YOU CAN WATCH THIS PRESENTATION IN MUSIC HERE:
PLEASE SEE ALSO:
Gulbenkian seemed to be especially fond of the ceramics of the Asia Minor city of Iznik, ancient Nicaea. The museum displays faultlessly beautiful specimens of three characteristic types from this center: late 15th-century ware exclusively in blue and white; early 16th-century ware, to which are added turquoise, sage green, manganese purple and black; and finally, mid-16th-century faience pieces with the famous tomato-red color called bol d'Arménie, applied so thickly that it created a high relief
In his last will Calouste Gulbenkian bequeathed the Portuguese state with his fortune and his large collection of artwork.
In 1956, one year after his death, the Gulbenkian Foundation was created which according to his will, supports the arts, science, education and social welfare. Today the foundation supports a large number of cultural projects and cultural centers and it organizes activities and temporary exhibitions.
The foundation is headquartered in a modern complex set in a lush garden. It has a large library, an open air auditorium and two museums: the Gulbenkian Museum and the Modern Art Centre, which opened in 1983.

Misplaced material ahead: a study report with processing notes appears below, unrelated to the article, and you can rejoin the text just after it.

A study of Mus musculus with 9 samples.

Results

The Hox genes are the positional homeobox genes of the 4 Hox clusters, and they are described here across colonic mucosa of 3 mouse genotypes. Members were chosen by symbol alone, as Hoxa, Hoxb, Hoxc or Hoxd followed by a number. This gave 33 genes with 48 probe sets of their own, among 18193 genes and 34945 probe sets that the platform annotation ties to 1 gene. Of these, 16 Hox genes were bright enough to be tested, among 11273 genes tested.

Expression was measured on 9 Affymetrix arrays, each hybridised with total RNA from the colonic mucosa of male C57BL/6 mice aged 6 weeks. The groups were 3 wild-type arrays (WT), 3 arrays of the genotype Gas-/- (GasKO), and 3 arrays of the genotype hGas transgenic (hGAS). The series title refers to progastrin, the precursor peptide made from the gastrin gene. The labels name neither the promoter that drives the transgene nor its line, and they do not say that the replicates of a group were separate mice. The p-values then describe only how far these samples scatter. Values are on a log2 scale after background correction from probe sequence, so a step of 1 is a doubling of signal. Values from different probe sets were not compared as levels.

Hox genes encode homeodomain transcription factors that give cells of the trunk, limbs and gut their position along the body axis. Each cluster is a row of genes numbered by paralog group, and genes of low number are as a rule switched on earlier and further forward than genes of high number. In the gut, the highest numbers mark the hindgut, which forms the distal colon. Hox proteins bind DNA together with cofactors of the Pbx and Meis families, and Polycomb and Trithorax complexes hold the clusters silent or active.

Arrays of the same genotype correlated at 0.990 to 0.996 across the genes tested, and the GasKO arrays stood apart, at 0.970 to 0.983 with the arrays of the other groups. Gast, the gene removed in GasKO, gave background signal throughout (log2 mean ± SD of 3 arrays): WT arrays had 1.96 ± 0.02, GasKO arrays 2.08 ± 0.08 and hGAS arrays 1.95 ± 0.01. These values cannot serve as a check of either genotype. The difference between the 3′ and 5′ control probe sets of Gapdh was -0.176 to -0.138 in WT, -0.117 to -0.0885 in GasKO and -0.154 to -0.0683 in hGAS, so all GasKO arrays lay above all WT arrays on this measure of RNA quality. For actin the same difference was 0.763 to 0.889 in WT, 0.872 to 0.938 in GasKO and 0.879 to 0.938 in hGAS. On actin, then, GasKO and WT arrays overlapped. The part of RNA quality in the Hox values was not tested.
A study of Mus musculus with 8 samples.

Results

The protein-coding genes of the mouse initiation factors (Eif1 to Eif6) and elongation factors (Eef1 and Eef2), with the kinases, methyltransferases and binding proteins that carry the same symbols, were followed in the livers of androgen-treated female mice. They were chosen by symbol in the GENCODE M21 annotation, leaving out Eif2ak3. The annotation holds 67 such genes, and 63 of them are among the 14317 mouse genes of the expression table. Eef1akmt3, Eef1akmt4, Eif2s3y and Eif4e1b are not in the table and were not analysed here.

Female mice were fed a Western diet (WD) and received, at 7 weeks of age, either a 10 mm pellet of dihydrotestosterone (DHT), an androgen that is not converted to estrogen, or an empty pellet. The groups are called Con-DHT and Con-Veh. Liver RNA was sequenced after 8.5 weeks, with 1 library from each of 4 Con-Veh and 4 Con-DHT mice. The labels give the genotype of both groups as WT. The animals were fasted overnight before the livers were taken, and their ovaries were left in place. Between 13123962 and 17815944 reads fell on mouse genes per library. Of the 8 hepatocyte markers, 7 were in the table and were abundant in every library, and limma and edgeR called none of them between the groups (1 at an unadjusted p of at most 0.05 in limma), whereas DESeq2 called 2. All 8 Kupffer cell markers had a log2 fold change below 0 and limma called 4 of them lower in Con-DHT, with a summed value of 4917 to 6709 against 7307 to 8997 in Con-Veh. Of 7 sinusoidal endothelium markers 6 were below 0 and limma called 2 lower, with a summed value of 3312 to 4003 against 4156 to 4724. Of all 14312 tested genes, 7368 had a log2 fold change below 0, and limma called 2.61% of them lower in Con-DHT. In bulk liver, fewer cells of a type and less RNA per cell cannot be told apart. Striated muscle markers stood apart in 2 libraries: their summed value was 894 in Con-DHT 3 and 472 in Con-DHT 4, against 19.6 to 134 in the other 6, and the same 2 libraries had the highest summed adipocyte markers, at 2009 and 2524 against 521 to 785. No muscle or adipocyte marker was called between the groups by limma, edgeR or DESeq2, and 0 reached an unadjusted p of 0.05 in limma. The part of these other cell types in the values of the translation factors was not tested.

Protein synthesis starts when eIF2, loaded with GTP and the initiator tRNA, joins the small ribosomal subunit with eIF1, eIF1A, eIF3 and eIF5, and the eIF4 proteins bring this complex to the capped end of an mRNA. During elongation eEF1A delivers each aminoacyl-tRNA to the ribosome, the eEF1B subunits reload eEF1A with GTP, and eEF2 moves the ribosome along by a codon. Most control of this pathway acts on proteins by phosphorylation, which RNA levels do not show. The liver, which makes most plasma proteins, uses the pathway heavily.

Gulbenkian's collection of ancient art is housed in a modern purpose-built museum from 1969, with ample space to display the collection without overwhelming the visitors.
Most of the about 3,000 pieces of art were collected by Gulbenkian himself, who had an excellent taste. The art, which ranges from tapestry, ceramics, jewelry and glassware to paintings, sculpture and furniture is displayed in spacious well lighted rooms and divided into two circuits.
The first one is devoted to Egyptian art, Classical art and objects from the Middle and Far East. Highlights include Egyptian scarabs, a Greek Vase, Roman jewelry, Assyrian bas-reliefs, Persian tapestries, Chinese porcelain and Japanese paintings.
The second circuit shows European art, with an emphasis on French decorative arts.
Of note are the medieval illuminated books, a collection of paintings from Flemish, Italian and French masters, and a collection of 18th century French furniture, of which Gulbenkian was particularly fond. A whole room is dedicated to the Art Nouveau jewelry of René Lalique, a designer who created jewels that were often inlaid with precious stones and decorated with gold or enamel.